Sunday, April 21, 2013

Ne-ner-nis (Part 3) - LANGUAGE 03

It turns out that Dr. Al Lippart,  a Wisconsin veterinarian, independently came up with ne-ner-nis, too.  He wrote an eloquent article in support of these neuter pronouns for his local newspaper in 1999 and posted that article on the web in 2007.  In the language of patent law, Dr. Lippart is the first inventor to file, for sure, but I did not derive my idea from him.  Great minds think alike, once again.

I learned about Dr. Lippart from someone who had found my blog because I wrote about Andy Borowitz. (Thank you, Andy.) 

Veterinarians need neuter pronouns, not because pets are neutered (ha), but because vets do not always know the gender of their patient.   They don't like to use "it" when referring to someone's beloved pet.  As Dr. Lippart explained to me last November, "It is downright embarrassing to call a dog 'she' when ne is a 'he'!"  (Yes, our correspondence was several months ago.  Apologies for not posting sooner.)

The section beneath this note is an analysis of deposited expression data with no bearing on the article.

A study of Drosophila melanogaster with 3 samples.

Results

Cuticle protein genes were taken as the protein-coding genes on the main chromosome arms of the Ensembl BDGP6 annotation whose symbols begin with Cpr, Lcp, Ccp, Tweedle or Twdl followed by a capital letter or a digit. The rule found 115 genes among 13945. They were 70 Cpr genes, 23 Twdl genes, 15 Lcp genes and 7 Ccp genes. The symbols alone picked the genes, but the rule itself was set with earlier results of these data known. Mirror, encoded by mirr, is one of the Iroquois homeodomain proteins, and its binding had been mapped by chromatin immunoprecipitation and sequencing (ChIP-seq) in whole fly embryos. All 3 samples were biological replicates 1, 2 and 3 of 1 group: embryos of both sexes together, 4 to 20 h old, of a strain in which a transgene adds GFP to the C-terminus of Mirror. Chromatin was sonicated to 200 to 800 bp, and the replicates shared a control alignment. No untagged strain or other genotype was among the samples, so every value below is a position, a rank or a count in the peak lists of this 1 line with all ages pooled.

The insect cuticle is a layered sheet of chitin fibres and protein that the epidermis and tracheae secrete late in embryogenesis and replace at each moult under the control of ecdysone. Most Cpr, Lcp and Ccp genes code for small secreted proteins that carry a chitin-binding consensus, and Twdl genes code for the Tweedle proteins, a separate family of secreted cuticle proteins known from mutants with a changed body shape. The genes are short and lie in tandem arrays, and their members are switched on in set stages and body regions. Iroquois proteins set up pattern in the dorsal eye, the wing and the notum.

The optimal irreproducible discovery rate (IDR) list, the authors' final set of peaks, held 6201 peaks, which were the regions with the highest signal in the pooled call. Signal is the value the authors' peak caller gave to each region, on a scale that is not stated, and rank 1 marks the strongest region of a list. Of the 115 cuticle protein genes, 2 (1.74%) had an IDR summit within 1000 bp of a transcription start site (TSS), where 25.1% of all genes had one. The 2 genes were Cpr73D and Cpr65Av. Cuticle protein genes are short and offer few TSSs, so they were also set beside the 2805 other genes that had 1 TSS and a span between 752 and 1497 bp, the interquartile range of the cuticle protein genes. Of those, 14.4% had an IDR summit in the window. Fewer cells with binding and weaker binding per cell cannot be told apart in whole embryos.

Dr. Lippart said he was told by various lexicographers that "'he' and 'she' start with fricative sounds and ne begins with a nasal sound [and] that alone is reason enough for 'ne' not to work into our language."  Hmmm.  "It" does not begin with a fricative sound but people are willing to use it.  As to a general dislike of the nasal:  Ever notice how nobody likes to say NO?  No, I have not, either.  As I'd noted in my earliest post on this subject, N is an underused initial letter and quite uncommon among fiction writers' last names.  Is that because it is not fricative?   I wonder.

Anyway, I'm no veterinarian, but I do find I need ne-ner-nis all the time.  Would that those words would become more common.  Footnotes in email are inappropriate; footnotes in texting and tweeting are impossible.